Question ref. S5W-16980
Asked by: Kate Forbes, Skye, Lochaber and Badenoch, Scottish National Party
Date lodged: 31 May 2018


To ask the Scottish Government what progress has been made in its discussions with the UK Government on the devolution of air passenger duty.

Current status: Answered by Derek Mackay on 1 June 2018


At the time of the UK Autumn Budget in 2017 we announced that the introduction of Air Departure Tax (ADT) in Scotland would be deferred until the issues raised in relation to the Highlands and Islands exemption had been resolved. The Scottish Government has been clear that it cannot take on ADT until a solution has been found to the Highlands and Islands exemption - to do so would comprise the devolved powers and risk damage to the Highlands and Islands economy.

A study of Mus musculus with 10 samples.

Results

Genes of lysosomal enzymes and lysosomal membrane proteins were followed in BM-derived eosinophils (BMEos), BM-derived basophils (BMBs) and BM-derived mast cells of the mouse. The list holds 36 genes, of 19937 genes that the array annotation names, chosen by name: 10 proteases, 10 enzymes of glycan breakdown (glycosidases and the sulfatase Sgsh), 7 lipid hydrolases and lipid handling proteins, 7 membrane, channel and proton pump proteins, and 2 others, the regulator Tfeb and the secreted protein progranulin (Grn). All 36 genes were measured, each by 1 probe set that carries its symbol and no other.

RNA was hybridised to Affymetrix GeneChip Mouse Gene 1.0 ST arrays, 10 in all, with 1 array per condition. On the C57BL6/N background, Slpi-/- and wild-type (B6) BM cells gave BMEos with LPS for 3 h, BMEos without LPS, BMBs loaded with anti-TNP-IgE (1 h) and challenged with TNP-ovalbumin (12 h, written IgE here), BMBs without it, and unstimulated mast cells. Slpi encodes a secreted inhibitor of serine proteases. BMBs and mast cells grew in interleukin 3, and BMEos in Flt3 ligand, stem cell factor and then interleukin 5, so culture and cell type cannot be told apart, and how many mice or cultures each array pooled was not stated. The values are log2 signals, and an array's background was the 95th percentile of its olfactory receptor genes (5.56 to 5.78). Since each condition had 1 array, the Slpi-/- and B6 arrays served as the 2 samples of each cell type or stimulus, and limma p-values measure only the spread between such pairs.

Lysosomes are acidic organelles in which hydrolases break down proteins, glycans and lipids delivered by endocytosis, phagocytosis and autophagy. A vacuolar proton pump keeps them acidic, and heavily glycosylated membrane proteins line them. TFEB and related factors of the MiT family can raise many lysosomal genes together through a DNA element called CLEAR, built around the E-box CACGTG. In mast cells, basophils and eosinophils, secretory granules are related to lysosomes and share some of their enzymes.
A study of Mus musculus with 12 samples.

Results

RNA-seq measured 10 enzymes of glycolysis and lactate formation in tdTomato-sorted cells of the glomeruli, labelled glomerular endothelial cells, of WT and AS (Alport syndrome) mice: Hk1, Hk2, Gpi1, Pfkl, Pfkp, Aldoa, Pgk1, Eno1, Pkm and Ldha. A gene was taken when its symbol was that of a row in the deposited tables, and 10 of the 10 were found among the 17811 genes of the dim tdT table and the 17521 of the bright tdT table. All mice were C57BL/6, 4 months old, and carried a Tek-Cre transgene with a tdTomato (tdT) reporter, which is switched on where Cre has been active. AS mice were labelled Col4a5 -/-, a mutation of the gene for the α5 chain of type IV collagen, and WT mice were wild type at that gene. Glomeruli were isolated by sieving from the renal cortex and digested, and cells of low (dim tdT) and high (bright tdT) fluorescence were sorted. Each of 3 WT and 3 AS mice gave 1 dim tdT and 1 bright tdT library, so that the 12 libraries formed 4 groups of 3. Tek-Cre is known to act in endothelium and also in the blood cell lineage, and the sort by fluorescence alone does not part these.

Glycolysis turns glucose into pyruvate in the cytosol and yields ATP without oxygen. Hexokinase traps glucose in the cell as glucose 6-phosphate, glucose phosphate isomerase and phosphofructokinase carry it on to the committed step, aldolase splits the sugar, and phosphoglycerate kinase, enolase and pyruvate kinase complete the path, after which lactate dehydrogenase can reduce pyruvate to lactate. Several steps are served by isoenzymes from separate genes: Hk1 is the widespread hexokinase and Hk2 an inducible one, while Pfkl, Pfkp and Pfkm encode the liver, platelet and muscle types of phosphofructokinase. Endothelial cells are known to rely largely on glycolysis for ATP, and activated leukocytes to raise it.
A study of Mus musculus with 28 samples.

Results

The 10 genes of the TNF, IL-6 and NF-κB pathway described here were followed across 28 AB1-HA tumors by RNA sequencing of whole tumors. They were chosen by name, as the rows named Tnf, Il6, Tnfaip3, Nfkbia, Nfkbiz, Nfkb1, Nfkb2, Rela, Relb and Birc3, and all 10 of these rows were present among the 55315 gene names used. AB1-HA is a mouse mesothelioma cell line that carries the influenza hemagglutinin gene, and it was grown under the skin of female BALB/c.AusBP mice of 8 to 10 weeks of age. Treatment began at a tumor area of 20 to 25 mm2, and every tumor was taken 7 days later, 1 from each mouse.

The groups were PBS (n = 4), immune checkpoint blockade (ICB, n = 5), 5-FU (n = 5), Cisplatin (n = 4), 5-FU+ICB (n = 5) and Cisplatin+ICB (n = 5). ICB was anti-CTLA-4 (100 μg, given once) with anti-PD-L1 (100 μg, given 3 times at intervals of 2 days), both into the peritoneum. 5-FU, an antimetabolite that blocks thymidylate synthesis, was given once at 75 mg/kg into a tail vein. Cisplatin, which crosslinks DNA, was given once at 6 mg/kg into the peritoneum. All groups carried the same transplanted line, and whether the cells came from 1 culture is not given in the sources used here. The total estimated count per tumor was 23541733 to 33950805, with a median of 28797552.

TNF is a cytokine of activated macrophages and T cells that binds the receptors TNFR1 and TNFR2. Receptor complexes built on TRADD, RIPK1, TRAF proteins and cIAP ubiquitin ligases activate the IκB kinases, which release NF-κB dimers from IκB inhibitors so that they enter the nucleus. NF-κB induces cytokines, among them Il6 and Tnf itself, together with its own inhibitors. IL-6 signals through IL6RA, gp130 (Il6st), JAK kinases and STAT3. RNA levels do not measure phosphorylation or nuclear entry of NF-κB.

The Scottish Government and UK Government have continued to work together, at both ministerial and official levels, to seek a solution to the Highlands and Islands exemption issue. Despite these efforts, and combined with the continuing uncertainty as to how Brexit might affect aviation, it has become clear that aiming to introduce the tax at the beginning of the next fiscal year, April 2019, is not possible.

The Scottish Government has a longstanding commitment to reduce ADT by 50%, and we are doing all we can to work with airlines and airports to help grow the direct routes which are important for our tourism sector and Scottish businesses. While we work towards a resolution to the Highlands and Islands exemption, we call on the UK Government to reduce APD rates to support connectivity and economic growth in Scotland and across the UK.